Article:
It is 1969, four years after the assassination of Malcolm X. In a Pittsburgh diner, the owner, Memphis, and frequent customer Wolf discuss the dearth of economic opportunities for the city’s residents for whom gambling on numbers offers the best chances of getting ahead. Memphis’ wife recently left him, and the city wants to take his building through eminent domain and tear it down as part of an urban renewal project. He is engaged in legal proceedings with the city and says he won’t take less than $25,000 for his property. At every opportunity, Memphis barks orders at Risa, the diner’s sole employee.
Holloway enters, bringing news of people lined up to pay respects to Prophet Samuel, a recently deceased local leader whom some believe was sent by God to deliver justice to blacks. The prophet is laid out for viewing at West’s Funeral Home across the street from the diner. Hambone, unable to forget an injustice done to him in the past, enters, repeating his demand for recompense. Sterling, recently released from the penitentiary, comes to the restaurant for a meal and job prospects, and finds himself attracted to the reclusive Risa. Holloway proclaims that a visit to a local wise woman named Aunt Ester can resolve Hambone and Sterling’s problems. Aunt Ester, whose age equals the number of years that Africans have been in America, never appears in the play, but the air is thick with her presence.
In fact, the play is as much about absence as it is about presence. A rally to celebrate the would-be 40th birthday of Malcolm X looms over the play, as does the death of Prophet Samuel, the lack of opportunities and daily negotiations with injustices. Past events figure prominently as the narrative unfolds and each character tries to decide how to move forward with so much broken history behind them.
e-Luminations: Two Trains Running
This edited version is reprinted from OSF’s 2013 Illuminations, a 64-page guide to the season’s plays. For more information, or to buy the full Illuminations, click here. Members at the Patron level and above and teachers who bring a school groups to OSF receive a free copy of Illuminations.
The Carrier of Memories
They don’t know to go see Aunt Ester. Aunt Ester give you more than money.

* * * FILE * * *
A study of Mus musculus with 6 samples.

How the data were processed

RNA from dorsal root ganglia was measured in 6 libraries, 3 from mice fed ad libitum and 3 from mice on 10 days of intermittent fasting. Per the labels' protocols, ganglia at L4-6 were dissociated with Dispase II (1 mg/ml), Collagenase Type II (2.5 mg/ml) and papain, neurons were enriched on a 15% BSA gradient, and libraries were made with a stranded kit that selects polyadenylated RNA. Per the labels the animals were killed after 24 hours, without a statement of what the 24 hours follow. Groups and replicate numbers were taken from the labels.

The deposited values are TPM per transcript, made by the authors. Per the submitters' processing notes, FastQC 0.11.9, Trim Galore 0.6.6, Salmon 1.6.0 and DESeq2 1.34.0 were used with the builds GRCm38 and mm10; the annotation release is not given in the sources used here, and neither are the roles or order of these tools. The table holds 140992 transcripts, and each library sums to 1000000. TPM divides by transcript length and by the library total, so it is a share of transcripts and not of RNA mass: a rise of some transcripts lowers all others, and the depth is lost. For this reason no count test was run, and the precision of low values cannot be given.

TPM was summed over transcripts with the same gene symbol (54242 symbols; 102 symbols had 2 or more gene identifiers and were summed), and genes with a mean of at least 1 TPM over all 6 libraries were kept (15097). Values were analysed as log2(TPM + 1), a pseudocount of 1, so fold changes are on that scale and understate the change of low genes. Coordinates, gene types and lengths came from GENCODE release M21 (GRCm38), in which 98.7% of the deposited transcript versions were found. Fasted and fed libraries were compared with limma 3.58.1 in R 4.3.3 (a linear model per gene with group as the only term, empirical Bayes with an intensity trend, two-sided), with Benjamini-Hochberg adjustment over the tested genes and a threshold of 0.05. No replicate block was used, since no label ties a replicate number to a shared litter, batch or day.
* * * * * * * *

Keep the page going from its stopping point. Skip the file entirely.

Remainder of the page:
She make you right with yourself. —Holloway, Two Trains Running
The spirit of Aunt Ester appears in each of the plays in August Wilson’s epic 10-play cycle. In 1969, she embodies 349 years of memories and experiences, which corresponds to the number of years that African people had been in America. She is the flesh-and-blood embodiment of the culture, tradition, heritage and wisdom of a people separated from their ancestral home. In Gem of the Ocean, Aunt Ester proclaims, “I got memories go way back. I’m carrying them for a lot of folk. All the old-timey folks. I’m carrying their memories and I’m carrying my own.”
Aunt Ester is aunt and mother and ancestor for all of her people. In fact, according to scholar Harry J. Elam Jr., her name represents “a riff of aural signifyin’, sounds similar to ‘ancestor.’ ” In addition, her name is evocative of the biblical heroine Esther, a Jewish woman who became wife of the Persian King Xerxes and who risked her life to save her people. Similarly, Wilson’s Aunt Ester holds the past and present lives of her people as a vessel of memories and experiences that also serves as a pathway forward into the future. As such, she represents one of Wilson’s most enduring themes, which is the belief that black Americans must claim and maintain their culture and traditions in order to thrive. In Two Trains Running, we hear this expressed in the mandate to “go back and pick up the ball.”
However, more than a mere memory bank, she is a divine clairvoyant who empowers seekers with instruments of self-healing. In his 2003 essay in American Theatre magazine, “Salvation in the City of Bones,” Wilson revealed, “She has emerged for me as the most significant persona of the Cycle. The characters are all her children. The wisdom and tradition she embodies are valuable tools for the reconstruction of their personalities and for dealing with a society in which the contradictions, over the decades, have grown more fierce.”